The Adult Child Syndrome
What exactly is an adult child? Is he a miniaturized adult who somehow never crossed the border from childhood? Was his maturity and development somehow stunted? Does he behave differently? What could have caused all of this to begin with?
“The term ‘adult child’ is used to describe adults who grew up in alcoholic or dysfunctional homes and who exhibit identifiable traits that reveal past abuse or neglect,” according to the “Adult Children of Alcoholics” textbook (World Service Organization, 2006, p. xiii).
“(It) means that we respond to adult interactions with the fear and self-doubt learned as children,” it continues (p. 3). “The undercurrent of hidden fear can sabotage our choices and relationships. We can appear outwardly confident while living with a constant question of our worth.”
But it is much more than this. Home, as is often said, is where the heart is, but in those of adult children there was most likely little heart, when “heart” is defined as “love.”
Self-worth and -esteem result from parental warmth, nurture, respect, clearly defined limits and boundaries, and, above all, love, yet adult children received fewer of these qualities than they needed. Whether their parents were alcoholic, dysfunctional, or abusive people, or they exhibited this behavior without the liquid substance because they themselves were exposed to it during their own upbringings, their children fielded, reacted to, and just downright survived it without choice, recourse, defense, or protection.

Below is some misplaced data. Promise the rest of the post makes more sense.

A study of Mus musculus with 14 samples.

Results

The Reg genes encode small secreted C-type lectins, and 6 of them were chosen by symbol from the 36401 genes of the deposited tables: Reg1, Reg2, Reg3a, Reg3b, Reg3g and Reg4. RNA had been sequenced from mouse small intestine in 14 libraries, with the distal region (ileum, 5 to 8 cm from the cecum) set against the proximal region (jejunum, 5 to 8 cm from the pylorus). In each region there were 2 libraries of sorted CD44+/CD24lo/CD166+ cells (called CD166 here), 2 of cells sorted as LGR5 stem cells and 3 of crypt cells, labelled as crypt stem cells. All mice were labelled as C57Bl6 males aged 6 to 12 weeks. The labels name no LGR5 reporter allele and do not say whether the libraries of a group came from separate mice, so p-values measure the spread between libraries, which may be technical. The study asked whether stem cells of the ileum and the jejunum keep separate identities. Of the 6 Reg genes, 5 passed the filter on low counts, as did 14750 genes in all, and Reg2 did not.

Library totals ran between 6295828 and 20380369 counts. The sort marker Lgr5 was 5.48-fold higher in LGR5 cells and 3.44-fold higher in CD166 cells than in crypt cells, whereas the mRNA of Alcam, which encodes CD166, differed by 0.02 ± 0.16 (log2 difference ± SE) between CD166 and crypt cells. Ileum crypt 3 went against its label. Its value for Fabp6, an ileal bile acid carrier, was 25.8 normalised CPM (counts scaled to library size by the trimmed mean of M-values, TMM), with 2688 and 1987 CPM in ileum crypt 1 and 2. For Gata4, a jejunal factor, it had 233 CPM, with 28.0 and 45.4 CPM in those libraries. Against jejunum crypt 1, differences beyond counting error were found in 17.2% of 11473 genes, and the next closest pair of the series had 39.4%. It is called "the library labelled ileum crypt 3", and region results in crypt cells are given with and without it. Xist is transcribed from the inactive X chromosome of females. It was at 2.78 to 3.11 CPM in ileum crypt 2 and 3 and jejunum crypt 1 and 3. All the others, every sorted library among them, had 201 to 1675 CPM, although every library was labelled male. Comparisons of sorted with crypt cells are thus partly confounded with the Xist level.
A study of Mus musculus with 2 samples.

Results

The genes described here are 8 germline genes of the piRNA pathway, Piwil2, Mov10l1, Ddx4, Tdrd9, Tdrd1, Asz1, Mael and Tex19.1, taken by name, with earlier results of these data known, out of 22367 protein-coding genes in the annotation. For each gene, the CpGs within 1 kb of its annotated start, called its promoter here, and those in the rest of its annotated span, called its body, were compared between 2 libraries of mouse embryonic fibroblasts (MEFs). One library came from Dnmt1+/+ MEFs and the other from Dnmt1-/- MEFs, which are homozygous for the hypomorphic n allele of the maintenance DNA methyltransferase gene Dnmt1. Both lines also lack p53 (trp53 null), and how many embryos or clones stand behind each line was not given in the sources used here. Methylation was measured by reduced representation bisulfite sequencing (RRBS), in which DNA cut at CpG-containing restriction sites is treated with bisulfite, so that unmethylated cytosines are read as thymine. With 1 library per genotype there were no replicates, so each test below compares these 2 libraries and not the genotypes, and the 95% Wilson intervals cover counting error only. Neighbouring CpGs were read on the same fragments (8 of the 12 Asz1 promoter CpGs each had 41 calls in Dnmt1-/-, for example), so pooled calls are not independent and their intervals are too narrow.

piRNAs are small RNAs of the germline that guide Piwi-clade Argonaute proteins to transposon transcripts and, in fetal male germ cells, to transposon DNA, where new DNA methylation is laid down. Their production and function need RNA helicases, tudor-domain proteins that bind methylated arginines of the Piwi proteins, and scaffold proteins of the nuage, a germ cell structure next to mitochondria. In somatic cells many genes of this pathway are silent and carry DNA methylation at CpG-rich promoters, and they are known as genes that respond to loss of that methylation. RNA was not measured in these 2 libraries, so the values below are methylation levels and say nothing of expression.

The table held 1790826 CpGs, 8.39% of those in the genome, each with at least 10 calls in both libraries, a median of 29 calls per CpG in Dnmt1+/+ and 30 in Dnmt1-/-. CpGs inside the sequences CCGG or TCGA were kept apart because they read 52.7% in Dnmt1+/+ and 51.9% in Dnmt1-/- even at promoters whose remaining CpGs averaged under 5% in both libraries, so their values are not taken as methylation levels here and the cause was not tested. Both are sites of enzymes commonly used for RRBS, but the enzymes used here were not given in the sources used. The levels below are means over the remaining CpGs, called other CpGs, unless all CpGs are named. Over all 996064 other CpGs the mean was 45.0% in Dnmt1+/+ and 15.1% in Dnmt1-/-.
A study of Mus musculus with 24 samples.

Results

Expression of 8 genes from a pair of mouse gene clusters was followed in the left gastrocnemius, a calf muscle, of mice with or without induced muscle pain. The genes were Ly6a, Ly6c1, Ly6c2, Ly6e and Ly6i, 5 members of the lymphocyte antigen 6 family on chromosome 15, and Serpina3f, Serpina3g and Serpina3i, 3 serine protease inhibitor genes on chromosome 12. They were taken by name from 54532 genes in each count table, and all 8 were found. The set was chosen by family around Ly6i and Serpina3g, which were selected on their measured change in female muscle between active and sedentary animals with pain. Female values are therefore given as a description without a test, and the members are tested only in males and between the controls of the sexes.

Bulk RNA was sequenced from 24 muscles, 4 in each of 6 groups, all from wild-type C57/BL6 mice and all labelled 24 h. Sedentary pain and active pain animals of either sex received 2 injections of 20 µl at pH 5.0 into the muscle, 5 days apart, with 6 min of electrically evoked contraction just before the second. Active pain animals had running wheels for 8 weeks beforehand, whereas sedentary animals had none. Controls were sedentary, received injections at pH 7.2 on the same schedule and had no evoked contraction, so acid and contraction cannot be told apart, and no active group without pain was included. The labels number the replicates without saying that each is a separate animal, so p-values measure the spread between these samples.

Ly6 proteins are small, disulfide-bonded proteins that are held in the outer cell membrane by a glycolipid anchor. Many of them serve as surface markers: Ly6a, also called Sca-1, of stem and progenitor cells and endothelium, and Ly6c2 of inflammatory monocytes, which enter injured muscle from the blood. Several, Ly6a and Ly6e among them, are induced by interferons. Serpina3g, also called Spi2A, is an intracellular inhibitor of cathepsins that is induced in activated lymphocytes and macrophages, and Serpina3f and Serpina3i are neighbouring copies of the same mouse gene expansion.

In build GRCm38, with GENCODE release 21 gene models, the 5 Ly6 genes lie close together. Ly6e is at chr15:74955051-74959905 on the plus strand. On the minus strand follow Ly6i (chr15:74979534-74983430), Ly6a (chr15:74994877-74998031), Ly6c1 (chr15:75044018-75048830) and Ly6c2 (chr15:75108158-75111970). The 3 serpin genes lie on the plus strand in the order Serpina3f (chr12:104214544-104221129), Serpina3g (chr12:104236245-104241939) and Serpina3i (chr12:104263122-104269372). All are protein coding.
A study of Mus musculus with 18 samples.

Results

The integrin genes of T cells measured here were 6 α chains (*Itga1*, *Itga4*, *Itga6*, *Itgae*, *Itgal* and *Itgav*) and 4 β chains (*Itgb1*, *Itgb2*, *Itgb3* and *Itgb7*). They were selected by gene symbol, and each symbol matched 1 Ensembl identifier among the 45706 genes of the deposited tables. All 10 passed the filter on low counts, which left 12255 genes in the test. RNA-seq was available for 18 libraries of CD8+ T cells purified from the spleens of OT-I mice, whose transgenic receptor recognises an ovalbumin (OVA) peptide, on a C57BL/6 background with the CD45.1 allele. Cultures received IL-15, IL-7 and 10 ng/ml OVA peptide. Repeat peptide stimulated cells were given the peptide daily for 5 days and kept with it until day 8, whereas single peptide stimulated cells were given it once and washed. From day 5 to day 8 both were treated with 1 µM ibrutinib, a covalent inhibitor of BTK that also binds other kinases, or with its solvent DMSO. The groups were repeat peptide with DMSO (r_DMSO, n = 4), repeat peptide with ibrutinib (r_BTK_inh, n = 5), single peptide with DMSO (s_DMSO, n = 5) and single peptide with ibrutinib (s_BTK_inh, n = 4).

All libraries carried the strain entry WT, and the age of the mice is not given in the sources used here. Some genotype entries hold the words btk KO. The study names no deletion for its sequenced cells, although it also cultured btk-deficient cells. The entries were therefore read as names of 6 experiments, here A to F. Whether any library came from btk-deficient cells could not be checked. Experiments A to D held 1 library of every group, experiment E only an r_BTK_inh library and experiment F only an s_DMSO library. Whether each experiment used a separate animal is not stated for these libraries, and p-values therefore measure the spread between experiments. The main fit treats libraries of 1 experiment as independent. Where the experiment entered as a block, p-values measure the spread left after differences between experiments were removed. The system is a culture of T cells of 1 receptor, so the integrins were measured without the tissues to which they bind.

Despite advancing age, they all share the same inadequate, anxiety-based feelings which force them into lonely and isolated exile, cut off from the world, but very much suffering in the one they were forced to create in their minds. Suspended in time, their negative and inferior self-feelings, image, and beliefs neither unravel nor die out until and unless recovery intervention pussy888 kiosk download methods arrest their downward spiral.
The severity of their home environments is sometimes subtle, but not to be underestimated and not entirely conveyable to those who were never exposed to them by words alone.
“Being home was like being in hell,” according to Janet Geringer Woititz in her book, “Adult Children of Alcoholics” (Health Communications, 1983, p. 9). “The tension was so thick you could cut it with a knife. The nervous, angry feeling was in the air. Nobody had to say a word, as everybody could feel it… There was no way to get away from it, no place to hide… “
Although they felt physically and emotionally alone, their thoughts, emotions, fears, feelings, and impairments were and are shared by approximately 28 million other adult children in the United States alone-or one in every eight-yet they never identified themselves as belonging to this group if they had even heard of the term.